Figure it out, learn it, and do it. That’s been 19-year-old Alex Taylor’s mantra since day one. Born and raised in Booneville, Arkansas, the young woman is currently pursuing her marketing degree at the University of Arkansas with hopes of working in motorsports and moonlights as a diehard HOT ROD Drag Week contender.
Unlike many others, Taylor didn’t get her start in the Junior Dragster leagues. Instead, when she was about eight years old, she started crew chiefing for her father, Dennis, who built cars and had been involved in the sport as long as she could remember. Her mother, Debbie, had a ’68 Chevy Camaro that Taylor loved, and, when she turned 14, her parents gifted to her.
Although the family intended to keep the car as a daily driver, when Taylor’s father asked if she wanted to try HOT ROD Drag Week, she jumped at the chance. She competed for the first time in the 2013 iteration of the grueling 5-day event as the youngest participant ever, and had just one weekend to learn to drive and tune as the recently-turned-16-year-old “had never been down a drag strip at that point.” For engine management, Taylor had chosen a Holley system. Problem was, neither she nor her father knew how to tune it. Undeterred, this enterprising young woman started reading, created her first base tune, and was off and running. “It wasn’t anywhere close to perfect, but it worked, and I ran my tune all through my first Drag Week.” With her mother as a co-pilot, Taylor made as many passes as possible to gain seat time, and finished out the Daily Driver category with a 12.0936-second average.
After, Taylor went on to receive her Holley EFI certification. The car “quickly snowballed”, and what started as a 12-second Camaro that Taylor drove to high school each day began its transition into the eight-second “Badmaro” she competes with now. The original plan was to run a naturally aspirated LS1 engine, but that was scrapped in favor of a set of twin 69mm Borg Warner turbochargers boosting a 6.0L engine backed by a stock 4L80 transmission.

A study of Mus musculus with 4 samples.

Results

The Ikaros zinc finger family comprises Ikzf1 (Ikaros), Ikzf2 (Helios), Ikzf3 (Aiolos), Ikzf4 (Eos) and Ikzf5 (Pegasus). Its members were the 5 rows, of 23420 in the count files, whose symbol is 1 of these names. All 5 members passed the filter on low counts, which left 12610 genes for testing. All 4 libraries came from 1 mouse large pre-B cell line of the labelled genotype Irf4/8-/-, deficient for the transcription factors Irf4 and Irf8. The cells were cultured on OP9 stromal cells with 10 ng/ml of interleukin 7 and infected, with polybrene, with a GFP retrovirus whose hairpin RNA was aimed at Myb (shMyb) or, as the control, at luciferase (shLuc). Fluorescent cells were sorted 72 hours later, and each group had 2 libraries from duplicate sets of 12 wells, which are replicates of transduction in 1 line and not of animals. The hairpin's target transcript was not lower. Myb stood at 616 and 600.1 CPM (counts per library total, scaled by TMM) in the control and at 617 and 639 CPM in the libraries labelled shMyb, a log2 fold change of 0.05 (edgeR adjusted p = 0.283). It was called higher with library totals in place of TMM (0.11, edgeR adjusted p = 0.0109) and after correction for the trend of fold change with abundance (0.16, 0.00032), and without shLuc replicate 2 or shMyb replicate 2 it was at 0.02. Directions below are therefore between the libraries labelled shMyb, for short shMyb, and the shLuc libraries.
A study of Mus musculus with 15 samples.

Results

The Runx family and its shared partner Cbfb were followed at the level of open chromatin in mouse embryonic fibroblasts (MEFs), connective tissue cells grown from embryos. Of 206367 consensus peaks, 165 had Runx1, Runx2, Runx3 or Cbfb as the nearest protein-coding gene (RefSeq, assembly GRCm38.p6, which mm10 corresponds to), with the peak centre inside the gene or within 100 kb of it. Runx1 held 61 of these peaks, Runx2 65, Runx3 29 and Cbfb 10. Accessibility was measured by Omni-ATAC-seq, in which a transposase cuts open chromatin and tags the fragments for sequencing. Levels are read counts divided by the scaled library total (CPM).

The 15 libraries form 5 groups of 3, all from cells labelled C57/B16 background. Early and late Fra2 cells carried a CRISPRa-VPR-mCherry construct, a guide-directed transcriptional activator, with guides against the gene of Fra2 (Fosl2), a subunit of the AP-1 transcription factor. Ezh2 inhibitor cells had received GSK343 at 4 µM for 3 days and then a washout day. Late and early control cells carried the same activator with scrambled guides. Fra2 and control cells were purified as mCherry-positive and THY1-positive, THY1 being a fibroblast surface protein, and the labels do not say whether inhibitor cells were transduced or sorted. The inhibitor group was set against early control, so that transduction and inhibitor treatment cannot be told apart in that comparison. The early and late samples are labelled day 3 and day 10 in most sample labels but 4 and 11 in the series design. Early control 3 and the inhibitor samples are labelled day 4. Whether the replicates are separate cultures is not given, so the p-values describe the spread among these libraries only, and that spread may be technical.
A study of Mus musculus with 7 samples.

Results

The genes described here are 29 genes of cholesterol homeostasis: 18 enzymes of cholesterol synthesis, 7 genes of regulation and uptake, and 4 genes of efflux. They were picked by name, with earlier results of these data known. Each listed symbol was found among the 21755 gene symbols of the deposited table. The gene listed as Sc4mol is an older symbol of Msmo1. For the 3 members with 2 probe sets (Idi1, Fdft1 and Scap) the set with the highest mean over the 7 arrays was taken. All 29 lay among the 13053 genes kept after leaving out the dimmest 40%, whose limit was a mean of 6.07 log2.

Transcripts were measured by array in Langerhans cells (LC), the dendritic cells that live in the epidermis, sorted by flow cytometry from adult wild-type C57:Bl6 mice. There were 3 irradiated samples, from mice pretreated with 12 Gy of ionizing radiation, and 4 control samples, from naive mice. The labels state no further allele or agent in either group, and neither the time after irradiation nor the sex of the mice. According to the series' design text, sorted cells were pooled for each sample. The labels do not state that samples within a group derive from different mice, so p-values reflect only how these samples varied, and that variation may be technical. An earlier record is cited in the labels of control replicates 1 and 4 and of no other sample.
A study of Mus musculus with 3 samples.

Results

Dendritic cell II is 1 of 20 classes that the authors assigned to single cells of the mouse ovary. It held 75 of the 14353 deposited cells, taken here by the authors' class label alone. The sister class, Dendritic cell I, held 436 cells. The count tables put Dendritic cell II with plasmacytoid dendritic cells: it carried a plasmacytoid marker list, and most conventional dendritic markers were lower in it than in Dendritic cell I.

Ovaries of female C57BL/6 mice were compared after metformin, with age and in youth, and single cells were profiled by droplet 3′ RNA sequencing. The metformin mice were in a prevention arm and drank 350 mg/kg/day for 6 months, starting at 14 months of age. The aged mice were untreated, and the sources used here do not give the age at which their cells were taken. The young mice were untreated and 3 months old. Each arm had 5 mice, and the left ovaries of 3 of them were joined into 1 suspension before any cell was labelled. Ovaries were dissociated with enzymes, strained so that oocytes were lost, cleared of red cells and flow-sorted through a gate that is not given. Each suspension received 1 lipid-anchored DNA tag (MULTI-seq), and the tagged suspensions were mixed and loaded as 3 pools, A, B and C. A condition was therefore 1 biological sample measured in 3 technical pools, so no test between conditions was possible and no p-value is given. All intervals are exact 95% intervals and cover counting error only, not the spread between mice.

Determined to go faster, she returned to HOT ROD Drag Week in 2014 to run in “Street Race Small Block – Power Adder” where a string of nine-second passes yielded a 9.5182-second average and ranked her seventh. It wasn’t until 2015, though, when she first dipped into the eights while running at Indianapolis, Indiana, and also improved by finishing sixth with an average of 9.1212-seconds.
With a goal of eventually winning her class, Taylor participated in her fourth consecutive HOT ROD Drag Week in 2016 with her daily-driven street car. Although she didn’t win class, she showed significant improvement as her 4,000-plus-pound, air conditioned “Badmaro” was consistently in the eights and clicked off an impressive personal best of 8.584 at 161.93 mph pass while racing at Michigan’s US 131 Motorsports Park to round out the event with a much-improved 8.6806-second average. “It’s not just a test of your car, it’s a test of yourself,” she explained of what keeps her coming back. “You’re running on no sleep and adrenaline, and the whole time you’re wishing it’s over but it’s the best feeling ever at the same time.”
Taylor knows that she wouldn’t have gotten to where she’s at by such a young age if it weren’t for the help of certain people and companies. “In addition to my parents, Crower, Aeromotive, Borg Warner, Tial, and Holley have all made this possible,” she said thankfully.
Perhaps more impressive than Taylor’s performance history is her commitment to being a well-rounded racer. “I don’t want to just be a driver, I want to know what’s going on,” said the talented young woman who is hands-on with every project and does her own maintenance. Both her father, who is a talented fabricator and mechanic, as well as Barbara Hamilton, the first woman to receive an NHRA license for driving supercharged cars, have influenced her heavily over the years. “Barb told me not to just be a driver, but to know what I’m doing and to know my car, and that’s stuck with me.”